Introduction to Game Development
Instructor: Lindsay Grace


Week 2: Top 10 - Important Wins and Loses

As we finish our history of games, and begin to discuss the design and development of your game, it's important to understand what succeeds and what fails. When reviewing the success and failures of game history it is important to remember that winning and losing isn't jut about having the best design or technology. Success is at the intersection of multiple factors including marketing, timing, audience, and others. Many great games never succeed commercially, and occasionally a very mediocre game triumphs.


Winning isn't everything, but it is pretty important. A win in the industry could be viewed multiple ways. The easiest is commercial successes, but even that can be evaluated multiple ways (pure number, market share, specific demographic, etc). You can also consider a game a win if it pushes your company from just another developer, to noteworthy-ness.


Industry critics, whether fan boy, 30-year veteran, or academic pull no punches when it comes to weak games. Do a search for worst-game-ever. While it's fun to read or watch the sometimes over the top reviews bashing a game, I found the following to be fair reviews and lists.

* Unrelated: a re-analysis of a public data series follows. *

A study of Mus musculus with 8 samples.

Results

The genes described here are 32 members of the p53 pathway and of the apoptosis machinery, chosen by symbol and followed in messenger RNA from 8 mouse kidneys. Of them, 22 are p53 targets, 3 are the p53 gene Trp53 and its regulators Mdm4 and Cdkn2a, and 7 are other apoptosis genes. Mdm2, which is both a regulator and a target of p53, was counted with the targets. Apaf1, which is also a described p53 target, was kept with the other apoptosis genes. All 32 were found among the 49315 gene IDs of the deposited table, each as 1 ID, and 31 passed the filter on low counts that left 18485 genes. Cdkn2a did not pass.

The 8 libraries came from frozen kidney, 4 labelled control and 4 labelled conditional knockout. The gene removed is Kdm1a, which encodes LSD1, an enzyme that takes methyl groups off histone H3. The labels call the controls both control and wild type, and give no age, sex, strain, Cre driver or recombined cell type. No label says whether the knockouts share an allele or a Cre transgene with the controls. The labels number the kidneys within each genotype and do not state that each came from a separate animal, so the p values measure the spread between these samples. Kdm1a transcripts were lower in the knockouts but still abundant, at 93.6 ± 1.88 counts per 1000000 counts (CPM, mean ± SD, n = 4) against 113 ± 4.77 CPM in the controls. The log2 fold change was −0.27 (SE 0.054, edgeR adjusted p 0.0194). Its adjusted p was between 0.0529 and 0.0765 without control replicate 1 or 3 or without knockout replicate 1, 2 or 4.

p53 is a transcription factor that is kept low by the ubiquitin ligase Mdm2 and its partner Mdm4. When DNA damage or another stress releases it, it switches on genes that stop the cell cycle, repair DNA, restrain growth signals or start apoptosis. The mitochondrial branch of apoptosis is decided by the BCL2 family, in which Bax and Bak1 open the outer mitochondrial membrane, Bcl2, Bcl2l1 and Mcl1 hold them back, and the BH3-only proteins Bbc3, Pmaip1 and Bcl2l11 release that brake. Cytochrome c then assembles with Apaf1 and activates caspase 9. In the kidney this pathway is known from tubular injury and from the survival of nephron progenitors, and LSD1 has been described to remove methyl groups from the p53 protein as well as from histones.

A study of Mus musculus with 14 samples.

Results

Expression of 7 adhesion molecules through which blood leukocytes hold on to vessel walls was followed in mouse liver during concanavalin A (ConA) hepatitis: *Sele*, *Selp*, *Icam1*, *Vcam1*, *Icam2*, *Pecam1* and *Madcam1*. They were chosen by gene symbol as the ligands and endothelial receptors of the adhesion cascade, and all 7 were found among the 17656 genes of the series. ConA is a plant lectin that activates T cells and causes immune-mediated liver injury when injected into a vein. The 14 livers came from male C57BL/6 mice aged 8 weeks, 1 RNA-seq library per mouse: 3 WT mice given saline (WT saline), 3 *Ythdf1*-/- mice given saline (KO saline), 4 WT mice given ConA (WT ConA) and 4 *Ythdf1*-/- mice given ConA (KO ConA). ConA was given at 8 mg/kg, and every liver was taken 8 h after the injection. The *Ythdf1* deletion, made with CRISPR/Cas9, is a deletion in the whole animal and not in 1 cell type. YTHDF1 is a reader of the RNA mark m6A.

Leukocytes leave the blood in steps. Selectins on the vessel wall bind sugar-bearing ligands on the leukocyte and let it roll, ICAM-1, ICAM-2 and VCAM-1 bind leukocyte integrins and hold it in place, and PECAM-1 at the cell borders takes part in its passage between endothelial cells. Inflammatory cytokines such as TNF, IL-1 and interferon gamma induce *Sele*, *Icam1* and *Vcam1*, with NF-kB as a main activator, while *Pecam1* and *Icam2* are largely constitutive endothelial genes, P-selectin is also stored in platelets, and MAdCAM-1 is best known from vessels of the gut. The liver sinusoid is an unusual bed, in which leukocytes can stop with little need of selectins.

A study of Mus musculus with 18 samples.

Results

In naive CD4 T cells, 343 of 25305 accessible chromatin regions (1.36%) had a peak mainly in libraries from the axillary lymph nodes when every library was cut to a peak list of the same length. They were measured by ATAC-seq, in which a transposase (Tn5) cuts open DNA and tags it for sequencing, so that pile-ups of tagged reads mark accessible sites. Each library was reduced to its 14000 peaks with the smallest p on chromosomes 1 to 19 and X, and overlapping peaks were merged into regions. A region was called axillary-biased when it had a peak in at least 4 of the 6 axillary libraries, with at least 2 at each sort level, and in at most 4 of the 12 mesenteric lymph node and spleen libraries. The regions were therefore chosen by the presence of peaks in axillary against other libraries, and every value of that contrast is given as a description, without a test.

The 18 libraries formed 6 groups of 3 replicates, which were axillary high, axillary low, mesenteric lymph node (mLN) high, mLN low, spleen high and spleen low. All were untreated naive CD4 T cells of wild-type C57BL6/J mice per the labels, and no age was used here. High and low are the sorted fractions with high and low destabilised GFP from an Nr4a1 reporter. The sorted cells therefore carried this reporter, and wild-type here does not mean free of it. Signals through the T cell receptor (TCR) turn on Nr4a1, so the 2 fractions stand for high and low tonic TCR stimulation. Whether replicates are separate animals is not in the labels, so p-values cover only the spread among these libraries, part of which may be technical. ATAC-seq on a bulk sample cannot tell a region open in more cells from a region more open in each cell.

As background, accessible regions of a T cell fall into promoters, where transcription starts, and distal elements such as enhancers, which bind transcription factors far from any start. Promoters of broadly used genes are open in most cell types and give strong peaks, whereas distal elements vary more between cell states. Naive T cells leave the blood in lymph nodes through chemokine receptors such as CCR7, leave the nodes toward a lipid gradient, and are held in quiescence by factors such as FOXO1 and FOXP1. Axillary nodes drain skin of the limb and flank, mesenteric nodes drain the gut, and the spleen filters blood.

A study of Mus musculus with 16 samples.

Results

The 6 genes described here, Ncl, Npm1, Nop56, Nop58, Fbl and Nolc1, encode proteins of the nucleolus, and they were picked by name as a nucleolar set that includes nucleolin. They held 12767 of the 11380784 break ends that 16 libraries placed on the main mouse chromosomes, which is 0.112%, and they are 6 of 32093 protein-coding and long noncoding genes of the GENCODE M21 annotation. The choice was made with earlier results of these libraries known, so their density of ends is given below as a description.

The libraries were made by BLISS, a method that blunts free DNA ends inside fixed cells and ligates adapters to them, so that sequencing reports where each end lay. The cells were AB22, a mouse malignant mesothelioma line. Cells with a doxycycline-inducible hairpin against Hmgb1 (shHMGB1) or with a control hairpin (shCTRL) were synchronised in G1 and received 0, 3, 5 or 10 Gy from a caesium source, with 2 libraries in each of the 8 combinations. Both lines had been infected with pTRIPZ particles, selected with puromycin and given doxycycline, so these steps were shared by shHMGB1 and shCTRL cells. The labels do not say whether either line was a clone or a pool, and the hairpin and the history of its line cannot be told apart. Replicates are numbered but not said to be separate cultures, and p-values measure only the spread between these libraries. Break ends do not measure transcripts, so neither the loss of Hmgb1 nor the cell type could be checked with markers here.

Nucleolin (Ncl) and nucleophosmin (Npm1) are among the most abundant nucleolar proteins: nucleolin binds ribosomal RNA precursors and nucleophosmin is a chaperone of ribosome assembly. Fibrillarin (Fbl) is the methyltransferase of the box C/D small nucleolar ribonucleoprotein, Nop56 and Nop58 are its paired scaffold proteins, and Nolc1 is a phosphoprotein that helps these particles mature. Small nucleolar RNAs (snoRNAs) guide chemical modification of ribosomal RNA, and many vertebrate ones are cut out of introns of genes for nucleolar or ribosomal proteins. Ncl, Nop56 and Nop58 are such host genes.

Tie, Draw, and No Show:

There's also the hotly contested, underrated and under appreciated game category. In a game dev class, this is not a very solid place from which to examine games. Simply, there's too much opinion and not much quantitative data to evaluate. However, Gamespy did embark on a fair analysis in 2003.


Since I think much can be learned from the outliers, your in class assignment is to do research and a "presentation" about one worst game each. Let's see if you can sell us this game.



Provided by Lindsay Grace for students of the Illinois Institute of Art, Chicago. These documents may be used by others when properly credited. Please email lgrace at aii edu for more information.